Daniel Hale is CAFOD’s Head of Campaigns. In November, CAFOD will be hosting retreats all around the country, giving supporters a chance to reflect on faith and taking action in light of the Year of Mercy.
There are only three more weeks until the end of the Year of Mercy, the holy year called by Pope Francis to reflect on the mercy of God. Of course reflection is good at any time, but why did the Pope ask for this year to be the year?
I think it was a clever way to ask us to take a fresh look at the problems faced by the world and its people. The refugee crisis, to which Pope Francis had tried to draw so much attention was one such issue.
Over several years Francis had done a lot to promote the cause of refugees, including visiting Lampedusa, where so many migrants washed up on European shores. But the world was slow to act.
Who do you think you are?
So the Pope changed tack. Instead of asking us, “what do you think you’re doing?” he asked us a more profound question: “who do you think you are?”
That opens up a whole new way to see the world and taps directly into the heart of his encyclical, Laudato Si’.
‘The world is a gift which we have freely received and must share with others… Let us not only keep the poor of the future in mind, but also today’s poor, whose life on this earth is brief and who cannot keep on waiting.’
– Pope Francis
Instead of ‘empty activism’, our work is founded on time out and reflection. We are invited to start from a place of contemplation and move into action.
So finding a solution to the refugee crisis is no longer only a tough political problem to be solved. Instead, it is a moral problem of how to treat our sisters and brothers.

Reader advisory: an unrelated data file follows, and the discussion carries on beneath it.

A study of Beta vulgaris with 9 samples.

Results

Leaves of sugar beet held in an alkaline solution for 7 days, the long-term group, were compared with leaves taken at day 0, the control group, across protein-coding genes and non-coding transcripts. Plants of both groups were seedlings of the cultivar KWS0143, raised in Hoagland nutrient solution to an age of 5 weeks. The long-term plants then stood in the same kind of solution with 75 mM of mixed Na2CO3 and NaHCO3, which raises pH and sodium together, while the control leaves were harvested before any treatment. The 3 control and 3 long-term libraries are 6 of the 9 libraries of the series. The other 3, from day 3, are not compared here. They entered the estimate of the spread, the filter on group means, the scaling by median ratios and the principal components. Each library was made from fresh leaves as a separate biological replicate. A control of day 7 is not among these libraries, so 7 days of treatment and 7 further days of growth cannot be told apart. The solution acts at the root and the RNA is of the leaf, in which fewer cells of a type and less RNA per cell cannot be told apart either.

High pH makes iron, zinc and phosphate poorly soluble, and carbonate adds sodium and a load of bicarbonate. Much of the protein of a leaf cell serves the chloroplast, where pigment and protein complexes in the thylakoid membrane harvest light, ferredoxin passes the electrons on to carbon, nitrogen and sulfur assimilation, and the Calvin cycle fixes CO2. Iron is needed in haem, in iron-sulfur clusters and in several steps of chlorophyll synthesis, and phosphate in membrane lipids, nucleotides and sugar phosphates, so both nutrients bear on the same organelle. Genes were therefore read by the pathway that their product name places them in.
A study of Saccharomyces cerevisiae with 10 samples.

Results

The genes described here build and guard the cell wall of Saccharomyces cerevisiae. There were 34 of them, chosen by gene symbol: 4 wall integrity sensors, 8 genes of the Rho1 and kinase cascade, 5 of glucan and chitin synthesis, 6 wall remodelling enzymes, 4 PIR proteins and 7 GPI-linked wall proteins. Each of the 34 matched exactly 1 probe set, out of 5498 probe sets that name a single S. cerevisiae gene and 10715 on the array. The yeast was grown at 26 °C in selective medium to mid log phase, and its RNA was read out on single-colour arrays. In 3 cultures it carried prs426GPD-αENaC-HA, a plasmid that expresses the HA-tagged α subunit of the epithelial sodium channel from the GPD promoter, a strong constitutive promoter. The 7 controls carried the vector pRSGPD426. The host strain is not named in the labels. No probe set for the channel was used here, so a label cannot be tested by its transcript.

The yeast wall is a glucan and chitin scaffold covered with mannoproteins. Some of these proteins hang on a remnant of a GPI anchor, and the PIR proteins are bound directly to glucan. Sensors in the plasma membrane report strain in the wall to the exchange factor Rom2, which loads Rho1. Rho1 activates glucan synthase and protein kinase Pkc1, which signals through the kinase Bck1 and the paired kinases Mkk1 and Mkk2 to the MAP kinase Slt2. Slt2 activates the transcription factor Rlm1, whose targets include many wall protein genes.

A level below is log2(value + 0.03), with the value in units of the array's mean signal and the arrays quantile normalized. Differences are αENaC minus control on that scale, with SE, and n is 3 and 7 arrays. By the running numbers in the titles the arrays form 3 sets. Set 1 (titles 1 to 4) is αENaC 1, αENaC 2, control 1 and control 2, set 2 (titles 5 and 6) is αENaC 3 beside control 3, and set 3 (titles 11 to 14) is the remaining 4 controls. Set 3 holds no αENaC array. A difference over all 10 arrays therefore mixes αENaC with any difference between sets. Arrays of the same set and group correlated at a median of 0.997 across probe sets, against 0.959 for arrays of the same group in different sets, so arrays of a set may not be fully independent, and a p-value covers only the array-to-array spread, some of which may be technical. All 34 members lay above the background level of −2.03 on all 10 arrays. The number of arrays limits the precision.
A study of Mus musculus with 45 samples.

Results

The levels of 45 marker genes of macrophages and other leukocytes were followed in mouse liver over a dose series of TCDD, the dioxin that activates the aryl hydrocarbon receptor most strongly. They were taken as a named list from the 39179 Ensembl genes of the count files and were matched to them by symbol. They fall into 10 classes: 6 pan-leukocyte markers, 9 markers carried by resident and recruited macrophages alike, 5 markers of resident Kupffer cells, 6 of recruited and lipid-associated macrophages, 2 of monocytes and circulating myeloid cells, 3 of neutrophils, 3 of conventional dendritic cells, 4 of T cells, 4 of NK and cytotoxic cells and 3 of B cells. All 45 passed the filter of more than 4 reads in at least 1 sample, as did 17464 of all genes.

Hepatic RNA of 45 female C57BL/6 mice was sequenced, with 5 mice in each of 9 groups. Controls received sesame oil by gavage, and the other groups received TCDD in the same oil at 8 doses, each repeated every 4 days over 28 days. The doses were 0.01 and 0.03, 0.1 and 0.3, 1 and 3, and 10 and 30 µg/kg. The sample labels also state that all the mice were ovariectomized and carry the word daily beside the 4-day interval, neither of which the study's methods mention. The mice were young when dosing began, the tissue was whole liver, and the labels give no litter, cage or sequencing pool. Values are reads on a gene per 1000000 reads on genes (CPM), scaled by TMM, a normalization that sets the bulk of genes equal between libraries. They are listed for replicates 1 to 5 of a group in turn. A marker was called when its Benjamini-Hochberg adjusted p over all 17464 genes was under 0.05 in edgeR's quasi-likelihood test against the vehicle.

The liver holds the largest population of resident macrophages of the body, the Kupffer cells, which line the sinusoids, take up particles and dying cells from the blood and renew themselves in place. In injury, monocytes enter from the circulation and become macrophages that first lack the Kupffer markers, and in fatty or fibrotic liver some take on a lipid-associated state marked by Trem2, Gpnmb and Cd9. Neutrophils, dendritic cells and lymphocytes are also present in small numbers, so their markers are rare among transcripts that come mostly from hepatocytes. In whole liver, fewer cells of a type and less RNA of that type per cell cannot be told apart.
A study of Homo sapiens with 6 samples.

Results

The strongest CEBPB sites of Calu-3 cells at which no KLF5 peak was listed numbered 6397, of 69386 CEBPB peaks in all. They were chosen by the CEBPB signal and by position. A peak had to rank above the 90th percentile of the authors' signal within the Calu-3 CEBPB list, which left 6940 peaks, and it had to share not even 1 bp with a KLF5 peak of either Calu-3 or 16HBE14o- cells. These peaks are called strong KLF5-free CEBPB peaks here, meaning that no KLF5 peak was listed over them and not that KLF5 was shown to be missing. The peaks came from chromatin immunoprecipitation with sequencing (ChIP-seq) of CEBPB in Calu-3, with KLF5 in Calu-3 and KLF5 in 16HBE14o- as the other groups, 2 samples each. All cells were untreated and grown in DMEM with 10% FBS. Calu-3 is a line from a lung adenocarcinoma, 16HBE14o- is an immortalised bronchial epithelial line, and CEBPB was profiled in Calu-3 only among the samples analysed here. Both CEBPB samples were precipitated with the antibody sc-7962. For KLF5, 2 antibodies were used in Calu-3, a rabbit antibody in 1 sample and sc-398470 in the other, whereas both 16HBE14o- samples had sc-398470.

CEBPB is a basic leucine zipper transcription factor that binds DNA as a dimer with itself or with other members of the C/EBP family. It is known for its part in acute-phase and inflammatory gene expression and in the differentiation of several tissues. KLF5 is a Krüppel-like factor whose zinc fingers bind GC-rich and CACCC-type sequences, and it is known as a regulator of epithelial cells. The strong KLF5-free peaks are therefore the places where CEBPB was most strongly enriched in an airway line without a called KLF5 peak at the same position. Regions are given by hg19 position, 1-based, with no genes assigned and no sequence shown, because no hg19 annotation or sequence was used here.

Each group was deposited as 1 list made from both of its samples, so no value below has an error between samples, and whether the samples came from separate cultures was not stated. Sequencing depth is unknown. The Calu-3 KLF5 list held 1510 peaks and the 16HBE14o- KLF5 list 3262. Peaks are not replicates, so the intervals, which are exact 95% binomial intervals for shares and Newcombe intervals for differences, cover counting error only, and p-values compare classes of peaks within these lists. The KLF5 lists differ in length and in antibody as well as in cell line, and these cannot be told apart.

And tackling climate change isn’t only about finding technical scientific solutions, it’s about “simple daily gestures which break with the logic of violence, exploitation and selfishness” in which we can all participate.
Just say No! to rapidification
But finding the time to think about problems afresh might seem to be the preserve of Pope Francis and other professional contemplatives. In our busy lives, we’re always on the go – kids, work, it’s non-stop. Pope Francis made up a word for this, “rapidification”.
So this autumn, why not take a moment to say no to rapidification?
Join us in reflection
Join me and my colleagues for a retreat to mark the end of the Year of Mercy. Meet some old friends and some new people, get out into nature, share some food, and take some precious time out before the Christmas crush.
From ten til four we’ll take a step back and think about the mercy shown by God, and the mercy we’re called to show others.
I did the first retreat this weekend and people enjoyed it immensely: “a thought-provoking day, the opportunity to reflect and discuss themes pertaining to Mercy was very welcome”.
There are still some places. Find one near you before the Year of Mercy ends.